All 20 Premier League clubs have given the green light on plans to allow all top-flight matches to be shown live on TV this season until at least October 1.
Out of the first 28 games of the 2020-21 season, 11 matches weren’t due to be screened but that has changed with every match available to watch live.
The 11 outstanding games will be split between Sky Sports, BT Sport, Amazon Prime and BBC. Six matches will be on Sky, three on BT while Amazon and the BBC will have one game each.
The BBC will broadcast Leicester’s home clash against Burnley on September 20 while there are four fixtures on the weekend of September 26 and 27 that are yet to be assigned. They include Burnley v Southampton, Crystal Palace v Everton, Tottenham v Newcastle and West Ham v Wolves.
A statement by the Premier League on Tuesday read: ‘At a Premier League Shareholders’ meeting today, clubs agreed that all 28 matches scheduled to be played in September will be broadcast live in the UK, via the League’s existing broadcasting partners Sky Sports, BT Sport, Amazon Prime Video and BBC.
‘Sky Sports and BT Sport have already selected 17 matches for live broadcast for the first three match rounds of the 2020-21 season. Of the remaining 11 matches, Sky Sports will broadcast an additional six, BT Sport a further three and BBC and Amazon Prime Video one each.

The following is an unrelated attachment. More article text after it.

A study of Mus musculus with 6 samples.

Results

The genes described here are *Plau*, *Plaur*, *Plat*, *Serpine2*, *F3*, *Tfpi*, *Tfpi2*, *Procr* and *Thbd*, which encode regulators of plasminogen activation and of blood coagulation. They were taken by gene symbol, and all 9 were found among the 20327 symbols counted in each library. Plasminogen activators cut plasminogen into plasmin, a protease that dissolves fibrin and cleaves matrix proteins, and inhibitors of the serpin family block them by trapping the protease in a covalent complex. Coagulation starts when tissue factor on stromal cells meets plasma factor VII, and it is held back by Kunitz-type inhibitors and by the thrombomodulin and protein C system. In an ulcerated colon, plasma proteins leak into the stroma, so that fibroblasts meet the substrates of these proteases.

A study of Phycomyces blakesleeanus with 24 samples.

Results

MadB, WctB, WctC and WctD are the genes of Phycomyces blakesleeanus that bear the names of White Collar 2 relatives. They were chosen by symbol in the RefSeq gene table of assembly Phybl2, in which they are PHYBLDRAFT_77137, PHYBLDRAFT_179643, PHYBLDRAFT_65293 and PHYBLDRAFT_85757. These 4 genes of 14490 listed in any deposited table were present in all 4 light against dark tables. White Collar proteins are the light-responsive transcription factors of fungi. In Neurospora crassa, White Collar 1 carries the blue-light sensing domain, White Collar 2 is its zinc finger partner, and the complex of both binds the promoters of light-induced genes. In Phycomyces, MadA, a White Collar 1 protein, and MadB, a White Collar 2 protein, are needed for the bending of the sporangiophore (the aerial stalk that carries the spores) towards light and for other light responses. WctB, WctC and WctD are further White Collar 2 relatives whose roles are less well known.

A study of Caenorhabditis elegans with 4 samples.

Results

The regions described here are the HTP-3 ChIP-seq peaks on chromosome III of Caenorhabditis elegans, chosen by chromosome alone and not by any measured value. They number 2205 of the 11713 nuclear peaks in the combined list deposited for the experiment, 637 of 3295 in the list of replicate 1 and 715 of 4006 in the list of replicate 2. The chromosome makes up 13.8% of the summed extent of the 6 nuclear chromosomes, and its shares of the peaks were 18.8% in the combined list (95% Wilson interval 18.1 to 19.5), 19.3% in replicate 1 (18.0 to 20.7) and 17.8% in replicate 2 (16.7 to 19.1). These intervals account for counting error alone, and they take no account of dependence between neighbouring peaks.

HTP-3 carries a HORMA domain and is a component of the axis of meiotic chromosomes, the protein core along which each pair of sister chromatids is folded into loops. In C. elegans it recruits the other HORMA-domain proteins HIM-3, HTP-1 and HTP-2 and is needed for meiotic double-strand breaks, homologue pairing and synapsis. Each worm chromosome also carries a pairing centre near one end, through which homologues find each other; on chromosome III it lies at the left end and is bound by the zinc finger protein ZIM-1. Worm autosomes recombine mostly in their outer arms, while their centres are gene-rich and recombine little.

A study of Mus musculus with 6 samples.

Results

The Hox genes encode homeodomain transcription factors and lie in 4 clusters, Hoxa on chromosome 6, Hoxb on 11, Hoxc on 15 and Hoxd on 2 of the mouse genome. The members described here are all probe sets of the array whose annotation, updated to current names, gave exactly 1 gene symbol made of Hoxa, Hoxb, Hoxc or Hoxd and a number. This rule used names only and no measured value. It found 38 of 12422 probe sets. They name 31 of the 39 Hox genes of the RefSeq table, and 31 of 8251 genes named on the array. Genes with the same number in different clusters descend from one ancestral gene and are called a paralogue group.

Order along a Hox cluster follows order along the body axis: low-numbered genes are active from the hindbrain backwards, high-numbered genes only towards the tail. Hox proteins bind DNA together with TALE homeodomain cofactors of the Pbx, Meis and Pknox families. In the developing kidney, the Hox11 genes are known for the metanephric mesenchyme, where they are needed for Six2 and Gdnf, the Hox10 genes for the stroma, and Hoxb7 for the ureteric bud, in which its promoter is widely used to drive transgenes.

‘The Premier League is also in discussions with BBC Radio 5 Live and talkSPORT to agree a similar solution for radio.
‘In consultation with all relevant stakeholders, the Premier League is considering appropriate arrangements for matches which will take place after 1 October.
‘The Premier League is working on a step-by-step approach, while monitoring the developments regarding the League’s number one priority of getting fans back into full stadia as soon as possible, with safety always being our priority.’
The U-turn by the 20 clubs and Premier League executives follows pressure from supporters and the Government to show games that are behind closed doors.
There are plans for supporters to be allowed back into stadiums next month albeit with capacity scaled back to between 15 and 35 per cent.
But those plans are being continually reviewed and any further rise in coronavirus cases could impact how quickly more supporters are allowed back.
This is the second time the 3pm Saturday blackout has been scrapped this year, as all top-flight games were shown on TV following the Premier League’s return in June.
Some games were shown on free-to-air channels, including four on the BBC, with others on Sky One and Sky’s Pick channel.